Explaining White Collar Crimes
White collar crime can take place at all levels of society. From counterfeiting, to blackmail, to embezzlement – it can be prosecuted on both the state and federal levels.
White collar crime is a general term referring to non-violent crimes that are financially motivated. The term “white collar crime" comes from the idea that they were typically committed by business executives who wear a white shirt and tie, hence the term. However, it is a misnomer because people from all types of backgrounds can commit this type of crime.
It is not required to be a business executive or someone with a college degree to bribe somebody, or to blackmail an individual. The same goes for tax evasion, counterfeiting, forgery and identity theft. Still, those offenses are often in the same category.
The one element that all white collar crimes have in common is that they are usually involved in some type of fraudulent scam or activity. Although anybody can commit this crime, many times they are committed by professionals who have direct access to the resources necessary to further such crimes. They can use their special occupational skills, access and opportunities to defraud governments, businesses and individuals.
Due to the fact that white collar crimes are financially-related they are not necessarily connected to narcotics, crimes against personal property, organized crime, immigration, civil rights or vice crimes.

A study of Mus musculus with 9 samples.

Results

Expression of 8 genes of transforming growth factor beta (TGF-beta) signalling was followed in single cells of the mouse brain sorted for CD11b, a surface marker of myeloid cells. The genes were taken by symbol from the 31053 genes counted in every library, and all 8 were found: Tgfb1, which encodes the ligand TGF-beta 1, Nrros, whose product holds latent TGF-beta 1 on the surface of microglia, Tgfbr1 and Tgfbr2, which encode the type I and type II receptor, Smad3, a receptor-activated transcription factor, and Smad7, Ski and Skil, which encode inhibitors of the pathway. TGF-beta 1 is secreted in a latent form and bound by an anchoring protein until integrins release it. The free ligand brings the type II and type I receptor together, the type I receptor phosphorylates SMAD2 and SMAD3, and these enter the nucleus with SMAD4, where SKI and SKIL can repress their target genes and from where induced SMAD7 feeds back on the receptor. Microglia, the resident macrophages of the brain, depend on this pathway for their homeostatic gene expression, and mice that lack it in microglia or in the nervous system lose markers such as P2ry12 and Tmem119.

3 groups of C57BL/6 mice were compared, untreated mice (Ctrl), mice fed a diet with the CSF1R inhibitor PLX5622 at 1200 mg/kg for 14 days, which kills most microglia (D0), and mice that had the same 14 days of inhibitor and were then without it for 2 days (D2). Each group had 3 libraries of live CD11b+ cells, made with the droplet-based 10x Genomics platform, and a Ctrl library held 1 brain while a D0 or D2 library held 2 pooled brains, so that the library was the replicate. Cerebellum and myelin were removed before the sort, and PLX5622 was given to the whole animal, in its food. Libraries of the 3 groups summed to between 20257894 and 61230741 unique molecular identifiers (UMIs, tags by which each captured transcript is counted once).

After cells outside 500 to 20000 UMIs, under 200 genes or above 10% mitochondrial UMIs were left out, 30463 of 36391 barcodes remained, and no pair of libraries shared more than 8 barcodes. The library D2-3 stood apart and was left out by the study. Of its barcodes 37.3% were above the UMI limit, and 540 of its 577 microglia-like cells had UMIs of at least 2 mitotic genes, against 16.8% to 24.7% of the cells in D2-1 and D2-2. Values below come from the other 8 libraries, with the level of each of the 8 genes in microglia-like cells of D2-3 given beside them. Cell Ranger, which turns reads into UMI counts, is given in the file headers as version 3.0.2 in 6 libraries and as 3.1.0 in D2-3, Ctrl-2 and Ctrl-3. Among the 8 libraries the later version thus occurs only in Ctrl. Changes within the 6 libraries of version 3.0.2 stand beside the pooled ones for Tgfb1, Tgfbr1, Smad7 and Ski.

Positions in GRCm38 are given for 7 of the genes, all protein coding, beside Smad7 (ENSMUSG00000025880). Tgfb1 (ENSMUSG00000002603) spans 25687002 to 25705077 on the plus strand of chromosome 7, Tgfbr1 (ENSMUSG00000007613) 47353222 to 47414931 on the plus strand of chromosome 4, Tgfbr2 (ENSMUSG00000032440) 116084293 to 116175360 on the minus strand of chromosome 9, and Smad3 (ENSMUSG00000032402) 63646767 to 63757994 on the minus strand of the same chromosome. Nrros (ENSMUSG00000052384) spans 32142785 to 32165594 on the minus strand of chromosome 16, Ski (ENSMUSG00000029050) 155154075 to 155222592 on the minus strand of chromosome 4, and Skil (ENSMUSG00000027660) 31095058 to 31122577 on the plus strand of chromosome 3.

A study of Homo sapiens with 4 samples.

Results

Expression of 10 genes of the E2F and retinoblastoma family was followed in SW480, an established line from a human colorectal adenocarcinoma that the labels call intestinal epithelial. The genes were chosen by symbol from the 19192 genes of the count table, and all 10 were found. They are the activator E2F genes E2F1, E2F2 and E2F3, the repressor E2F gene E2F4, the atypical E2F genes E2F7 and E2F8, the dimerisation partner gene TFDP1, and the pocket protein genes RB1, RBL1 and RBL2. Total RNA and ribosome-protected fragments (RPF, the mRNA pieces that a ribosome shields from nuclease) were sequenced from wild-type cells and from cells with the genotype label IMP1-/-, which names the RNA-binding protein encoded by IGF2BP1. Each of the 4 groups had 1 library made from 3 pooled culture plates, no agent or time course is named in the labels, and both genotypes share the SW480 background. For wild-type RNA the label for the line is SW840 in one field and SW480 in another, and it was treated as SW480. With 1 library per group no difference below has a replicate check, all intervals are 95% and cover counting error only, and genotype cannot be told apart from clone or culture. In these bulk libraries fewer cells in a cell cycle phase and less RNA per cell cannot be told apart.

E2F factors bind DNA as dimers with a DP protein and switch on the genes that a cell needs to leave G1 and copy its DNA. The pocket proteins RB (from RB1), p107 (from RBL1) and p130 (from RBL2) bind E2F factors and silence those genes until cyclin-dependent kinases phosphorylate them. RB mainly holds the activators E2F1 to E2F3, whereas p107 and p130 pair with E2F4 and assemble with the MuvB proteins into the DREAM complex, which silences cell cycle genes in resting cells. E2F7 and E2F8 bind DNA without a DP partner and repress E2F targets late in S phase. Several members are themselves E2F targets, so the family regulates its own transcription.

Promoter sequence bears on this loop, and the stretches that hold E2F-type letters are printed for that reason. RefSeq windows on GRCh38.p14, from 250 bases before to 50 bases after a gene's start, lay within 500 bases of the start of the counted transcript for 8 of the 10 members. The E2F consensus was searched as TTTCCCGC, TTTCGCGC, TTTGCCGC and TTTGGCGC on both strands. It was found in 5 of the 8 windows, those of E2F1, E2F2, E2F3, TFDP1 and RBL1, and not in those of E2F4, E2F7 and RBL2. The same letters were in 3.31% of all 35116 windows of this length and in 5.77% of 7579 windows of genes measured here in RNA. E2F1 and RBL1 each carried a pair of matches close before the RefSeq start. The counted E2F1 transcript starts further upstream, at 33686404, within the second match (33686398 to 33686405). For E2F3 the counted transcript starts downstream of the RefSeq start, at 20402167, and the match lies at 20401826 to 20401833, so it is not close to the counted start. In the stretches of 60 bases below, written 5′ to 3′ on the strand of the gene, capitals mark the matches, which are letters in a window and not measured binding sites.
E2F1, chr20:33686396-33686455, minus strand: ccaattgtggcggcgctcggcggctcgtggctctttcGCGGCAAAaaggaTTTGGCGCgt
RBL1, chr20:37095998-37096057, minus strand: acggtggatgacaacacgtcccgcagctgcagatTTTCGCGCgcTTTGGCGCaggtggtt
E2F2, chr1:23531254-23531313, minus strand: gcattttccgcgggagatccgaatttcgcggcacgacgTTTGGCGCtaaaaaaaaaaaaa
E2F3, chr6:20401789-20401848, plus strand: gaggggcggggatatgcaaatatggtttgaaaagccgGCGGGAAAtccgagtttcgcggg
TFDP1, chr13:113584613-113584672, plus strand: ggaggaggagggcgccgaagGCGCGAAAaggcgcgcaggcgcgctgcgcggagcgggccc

In the United States, criminal law is primarily enforced at the state level, however, white collar crimes can be prosecuted at either the state or federal level, or both. Many of these crimes cross state lines, therefore many of them are prosecuted in federal court.
White collar crimes are taken very seriously in this country; they are responsible for huge financial losses to federal, state, and local governments, to corporations, small businesses and to individuals. Many of them are investigated by large government agencies such as the Federal Bureau of Investigation and the Securities Exchange commission. It is not uncommon for a person to pay thousands of dollars in fines, to pay victim restitution, and to replace the money they stole.
This is all in addition to incarceration in a state or federal penitentiary. If you are under investigation for a white collar crime, or if you have already been arrested, you should contact a criminal defense attorney right away. You want to make sure that you are doing everything possible to protect your legal rights – hiring a lawyer will be your first line of defense! Do not wait to get the help you need because time is crucial in these cases.